As spring sets in, their is an air of optimism and excitement in the world of 'impact'. It's the buzz word on everybody's lips. Investors are looking for impact. Social enterprises are trying to figure out how they create impact. Charities are measuring their impact. Corporations are being asked to show their impact.
The term 'social impact' has been adopted by the wider community and used with great enthusiasm, but often with little consistency. For instance, many organisations will curate positive case studies and statistics and describe that as their impact. To the impact-professionals, this is extremely frustrating. Impact is the net effect you have on a target community or population over time: it reflects the positive, negative and neutral changes. It is not just the good stories!
So what is 'impact' exactly?
For social impact practitioners, 'impact' means a genuine, sustained improvement is the status quo for a target population or the community at large. I really like the definition recently published by James Noble at New Philanthropy Capital. He believes ‘impact’ has the following qualities and conditions:
- Positive. What we want to happen (whilst also taking into account negative and unintended impacts).
- Meaningful and important. It brings about a change in a recognised social or environmental problem. For example reduced crime, increased educational attainment, better health and quality of life.
- Sustained. Impact is enduring, even after the program or service has ended.
- Achieved by individuals and communities themselves. Impact gives people the attributes, capacities and resources to help them achieve an improvement in their lives. The service doesn't force to make people healthy or educated—people do that for themselves.
Why don't many organisations report their actual impact?
Finding organisations that are committed to making and reporting their genuine impact is difficult. Most organisations will quickly be able to find a few case studies or statistics that demonstrate they are doing good work, but relatively few can show how, on the balance, their work creates a genuine, sustained social or environmental improvement.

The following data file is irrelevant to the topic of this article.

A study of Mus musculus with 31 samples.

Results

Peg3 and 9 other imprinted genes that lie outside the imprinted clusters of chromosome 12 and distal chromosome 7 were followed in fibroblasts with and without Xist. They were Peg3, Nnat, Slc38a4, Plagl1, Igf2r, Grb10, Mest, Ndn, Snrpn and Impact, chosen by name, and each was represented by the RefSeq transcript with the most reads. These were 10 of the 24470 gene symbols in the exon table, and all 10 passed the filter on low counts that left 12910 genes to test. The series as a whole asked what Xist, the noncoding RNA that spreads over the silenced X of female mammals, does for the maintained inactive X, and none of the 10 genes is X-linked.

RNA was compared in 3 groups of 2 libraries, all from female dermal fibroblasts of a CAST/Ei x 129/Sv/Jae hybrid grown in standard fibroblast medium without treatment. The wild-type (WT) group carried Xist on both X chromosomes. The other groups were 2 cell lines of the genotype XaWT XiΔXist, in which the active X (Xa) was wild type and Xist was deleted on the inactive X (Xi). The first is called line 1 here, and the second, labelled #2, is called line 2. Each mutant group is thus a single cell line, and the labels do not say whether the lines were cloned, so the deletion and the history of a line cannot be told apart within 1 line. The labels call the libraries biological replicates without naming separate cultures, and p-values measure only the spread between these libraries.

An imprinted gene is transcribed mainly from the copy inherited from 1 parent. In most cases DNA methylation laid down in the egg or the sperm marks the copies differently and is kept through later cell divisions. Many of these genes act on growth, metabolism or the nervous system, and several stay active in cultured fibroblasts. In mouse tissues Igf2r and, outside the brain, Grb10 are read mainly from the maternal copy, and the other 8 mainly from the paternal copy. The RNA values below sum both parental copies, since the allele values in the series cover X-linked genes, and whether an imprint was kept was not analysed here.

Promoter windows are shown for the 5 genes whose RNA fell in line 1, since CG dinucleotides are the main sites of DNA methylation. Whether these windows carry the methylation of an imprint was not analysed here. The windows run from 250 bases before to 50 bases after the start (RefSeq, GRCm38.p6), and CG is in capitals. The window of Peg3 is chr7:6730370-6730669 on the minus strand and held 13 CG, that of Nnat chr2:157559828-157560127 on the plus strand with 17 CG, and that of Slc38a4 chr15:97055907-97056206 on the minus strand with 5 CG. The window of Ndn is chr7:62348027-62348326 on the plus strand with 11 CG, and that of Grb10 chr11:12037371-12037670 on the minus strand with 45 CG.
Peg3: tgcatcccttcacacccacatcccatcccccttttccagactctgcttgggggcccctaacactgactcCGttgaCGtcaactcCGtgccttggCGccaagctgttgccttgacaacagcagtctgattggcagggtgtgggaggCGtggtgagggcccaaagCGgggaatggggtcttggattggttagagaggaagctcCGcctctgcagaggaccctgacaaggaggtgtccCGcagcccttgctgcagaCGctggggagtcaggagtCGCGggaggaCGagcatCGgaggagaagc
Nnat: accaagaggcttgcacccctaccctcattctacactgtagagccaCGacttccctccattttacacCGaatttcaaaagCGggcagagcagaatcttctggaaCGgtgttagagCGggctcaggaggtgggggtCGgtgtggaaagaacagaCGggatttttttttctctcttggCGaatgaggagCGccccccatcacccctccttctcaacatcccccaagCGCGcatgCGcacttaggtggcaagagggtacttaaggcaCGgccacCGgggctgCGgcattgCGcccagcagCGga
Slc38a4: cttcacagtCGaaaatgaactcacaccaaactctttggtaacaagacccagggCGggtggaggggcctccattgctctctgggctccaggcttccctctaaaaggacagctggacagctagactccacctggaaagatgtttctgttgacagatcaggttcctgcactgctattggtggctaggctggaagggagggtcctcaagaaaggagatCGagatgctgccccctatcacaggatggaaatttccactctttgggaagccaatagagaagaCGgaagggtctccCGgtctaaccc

The reason that it's hard to find these organisations is not that impactful organisations don't exist, it's because measuring impact properly is difficult and expensive. Talking about impact is much like explaining fiscal policy. Unless you care about it, it's excruciatingly boring. Most organisations would much prefer to make a 3 minute video that tugs at the heartstrings, and use this film to describe their impact, rather than do the hard analytical work needed to actually find out if they are impactful.
The best way to tell the difference between an impact statement by an impact-professional versus one by a marketing agency, is that the former is motivated by a desire for improvement, while the latter is motivated by a desire to tell a great story. As much as we all like a good story, its those organisations that are committed to improving that are the ones we should invest with.
Where to from here?
In the last few months there have been a number of developments in Australia that attempt to make defining and achieving impact more accessible.
- Social Ventures Australia have developed SVA Fundamentals for Impact which lists the organisational characteristics that SVA believes – and the evidence shows – are important for effectiveness. The list of attributes is impressive. There are over 60 different indicators organised across 15 themes that help identify the areas that an non-for-profit should work on to improve their impact.
- The Centre for Social Impact (CSI) released The Social Enterprise Reporting Tool (SERT). It is designed to help social enterprises to make better use of their data internally to inform business decisions, as well as strengthening their external communications in activities such as contract tenders, grant applications, or accessing investment or other finance.
There is no doubt that making a real impact is challenging. It's even more challenging to demonstrate it. However the impact industry is still in its infancy. With time we will figure out how to make it easier and more accessible to all.